EDU_0559Abel L Packer, MLS, 2011-Present, Director of SciELO Program, 1999-2010, Director of the Latin American Center on Health Sciences Information / PAHO / WHO



Foto jan 2013Rogerio Meneghini, PhD in Biochemistry, Post doctorate Stanford Universty, 1998- Present- Scientific Coordinator of SciELO Program, 1965-2004 Professor, Dept Biochemistry, University of Sao Paulo


Photo by John W. Schulze (CC-BY)

Photo by John W. Schulze (CC-BY)

About two decades ago, conferences and consultations organized by the São Paulo Research Foundation (FAPESP) and the Latin American and Caribbean Center on Health Sciences Information Center (BIREME/PAHO/WHO) addressed the fact that only a small fraction of our nationally edited peer-reviewed journals, containing world-class science, were indexed in the ISI Citation Indexes or in Pubmed.

At that time scientific publishing was effectively split into two. On one hand, there were so-called mainstream journals, published largely by commercial publishers in Europe and the US. Operating in parallel were regional publishers, often based in developing countries, which addressed non-English-speaking markets.

The 1995 article “Lost Science in the Third World” by W. Wayt Gibbs in Scientific American, 273, 92 – 99, discussed some of the difficulties faced by regional publishers. On one level, we were trapped in a vicious cycle. If regionally relevant research wasn’t widely included in international indexes, it would be less likely to be cited and therefore, journals would not be eligible for inclusion in those indexes. Many in Latin America and the global south however felt that a more insidious bias was at work. As the Scientific American article suggests, many people felt that publishers from non-English speaking countries and the developing world were being held to inclusion standards more strictly than publishers in America or Europe

As a consequence, only a limited share of the best science published by nationally edited journals would reach the international scientific community. In addition, most of the journals communicating research of local scope or interest had limited visibility, including Brazil, due to the poor distribution of the print issues.

SciELO addresses this situation as a combination of a citation index and online open access publisher of selected journals, many of which are available only in Portuguese. FAPESP and BIREME, as leading organizations in their fields of expertise, created SciELO 18 years ago with a unique cooperative model that was particularly suited to scholarly publishing in emerging markets. SciELO helps regional publishers become more competitive in the global market place by working together, and sharing expertise and resources. Their mandate was, and still is, to advance both scholarly communication and science in Brazil.

SciELO quickly emerged as both a publishing platform that compliments the international “main stream” journals and a novel co-operative model for academic publishing. The value of this approach was later corroborated by the “regionalization” policy of the WoS, which from 2007 onwards, increased the coverage of journals from Brazil from 30 to over 130. The recent surge of interest in the Latin American market from commercial publishers wishing to partner with regional publishers is further testament to the effectiveness of SciELO’s approach to supporting the local publishing industry.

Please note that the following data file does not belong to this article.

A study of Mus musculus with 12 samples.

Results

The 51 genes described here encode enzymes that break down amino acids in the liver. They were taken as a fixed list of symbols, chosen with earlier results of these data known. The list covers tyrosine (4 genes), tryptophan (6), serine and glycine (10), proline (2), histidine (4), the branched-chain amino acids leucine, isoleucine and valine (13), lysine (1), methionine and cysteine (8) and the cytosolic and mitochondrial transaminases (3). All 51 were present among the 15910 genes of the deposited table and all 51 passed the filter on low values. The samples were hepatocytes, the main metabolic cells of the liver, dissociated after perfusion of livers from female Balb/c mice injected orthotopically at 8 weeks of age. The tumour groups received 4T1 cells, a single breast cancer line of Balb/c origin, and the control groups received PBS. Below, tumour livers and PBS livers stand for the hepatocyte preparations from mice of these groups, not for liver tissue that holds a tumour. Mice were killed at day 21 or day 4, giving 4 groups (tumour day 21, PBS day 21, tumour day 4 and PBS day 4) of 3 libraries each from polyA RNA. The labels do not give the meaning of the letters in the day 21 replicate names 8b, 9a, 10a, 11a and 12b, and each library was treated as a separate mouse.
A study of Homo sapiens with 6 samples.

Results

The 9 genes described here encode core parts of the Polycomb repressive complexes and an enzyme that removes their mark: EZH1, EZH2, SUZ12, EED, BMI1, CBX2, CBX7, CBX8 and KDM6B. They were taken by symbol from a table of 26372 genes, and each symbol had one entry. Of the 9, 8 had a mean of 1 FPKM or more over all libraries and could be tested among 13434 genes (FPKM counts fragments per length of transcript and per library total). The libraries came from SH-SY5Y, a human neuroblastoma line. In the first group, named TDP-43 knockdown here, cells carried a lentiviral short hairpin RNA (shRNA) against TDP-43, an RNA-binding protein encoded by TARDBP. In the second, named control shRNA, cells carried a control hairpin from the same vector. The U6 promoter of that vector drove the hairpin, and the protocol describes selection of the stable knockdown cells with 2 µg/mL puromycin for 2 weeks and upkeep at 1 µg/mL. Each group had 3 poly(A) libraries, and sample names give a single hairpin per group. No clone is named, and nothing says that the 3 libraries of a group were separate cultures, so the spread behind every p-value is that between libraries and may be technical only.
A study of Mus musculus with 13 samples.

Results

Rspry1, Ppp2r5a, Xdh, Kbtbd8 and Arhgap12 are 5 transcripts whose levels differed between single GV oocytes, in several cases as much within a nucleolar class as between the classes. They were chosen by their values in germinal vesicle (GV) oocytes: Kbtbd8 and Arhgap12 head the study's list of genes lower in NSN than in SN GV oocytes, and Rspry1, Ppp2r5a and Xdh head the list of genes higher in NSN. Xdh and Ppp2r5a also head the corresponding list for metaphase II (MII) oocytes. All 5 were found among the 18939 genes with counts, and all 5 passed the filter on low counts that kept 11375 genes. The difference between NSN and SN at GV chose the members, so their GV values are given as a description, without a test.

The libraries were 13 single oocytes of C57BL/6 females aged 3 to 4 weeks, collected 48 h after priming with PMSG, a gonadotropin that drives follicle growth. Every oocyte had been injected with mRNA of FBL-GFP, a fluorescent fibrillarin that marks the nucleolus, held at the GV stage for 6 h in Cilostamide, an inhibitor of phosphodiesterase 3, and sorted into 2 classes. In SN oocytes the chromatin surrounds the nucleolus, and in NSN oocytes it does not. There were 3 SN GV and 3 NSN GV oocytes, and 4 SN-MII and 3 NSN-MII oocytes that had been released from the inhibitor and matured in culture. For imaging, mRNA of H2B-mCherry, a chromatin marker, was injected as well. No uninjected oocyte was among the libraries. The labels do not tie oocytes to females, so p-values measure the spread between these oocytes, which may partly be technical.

The National Commission for Scientific and Technological Research of Chile (CONICYT) adopted the SciELO publishing model shortly after it was launched in 1998, thus becoming a leading partner in building the network, that now encompasses 14 IberoAmerican countries and South Africa. The network currently covers more than a thousand active journals with an archive of over half a million full text articles. The platform serves over a million COUNTER compliant downloads on average per day, making SciELO a significant contributor to global scholarly communication.

SciELO has succeeded, to a great extent, in overcoming discrimination against “regional publishing”. The networked cooperative approach, combined with continuous improvement in journal production while keeping costs tightly managed, has contributed decisively to the globalization of indexing and publishing. It has also culturally and academically enriched the global flow of scientific information by recognizing and enhancing the critical role played by hundreds of dispersed nonprofit publishers that are communicating research through a myriad of journals covering a range of fields of both international and regional importance.

Compared to the Web of Science (WoS) and Scopus, SciELO stands out as a multilingual index and publisher, supporting journals from all disciplines. Journal selection is informed by recommendations and advice of local scientific committees. This unique, more qualitative selection process affects the make-up of the index. For example, SciELO indexes relatively more social sciences and humanities journals than WoS or Scopus. In terms of languages, in 2014 about 70% of the SciELO indexed articles were published in Portuguese or Spanish and 38% in English. SciELO Brazilian publishers are making an enormous effort towards a balanced approach to multilingualism to strengthen the internationalization of their journals: in 2014, 58% of the articles were published in Portuguese, 57% in English and 16% simultaneously in both English and Portuguese.

The presence of SciELO makes a significant and positive difference to how the global information community thinks about future development. We are aware that there are still many challenges to be faced, and old attitudes detrimental to local research communities still remain to be overcome in some quarters.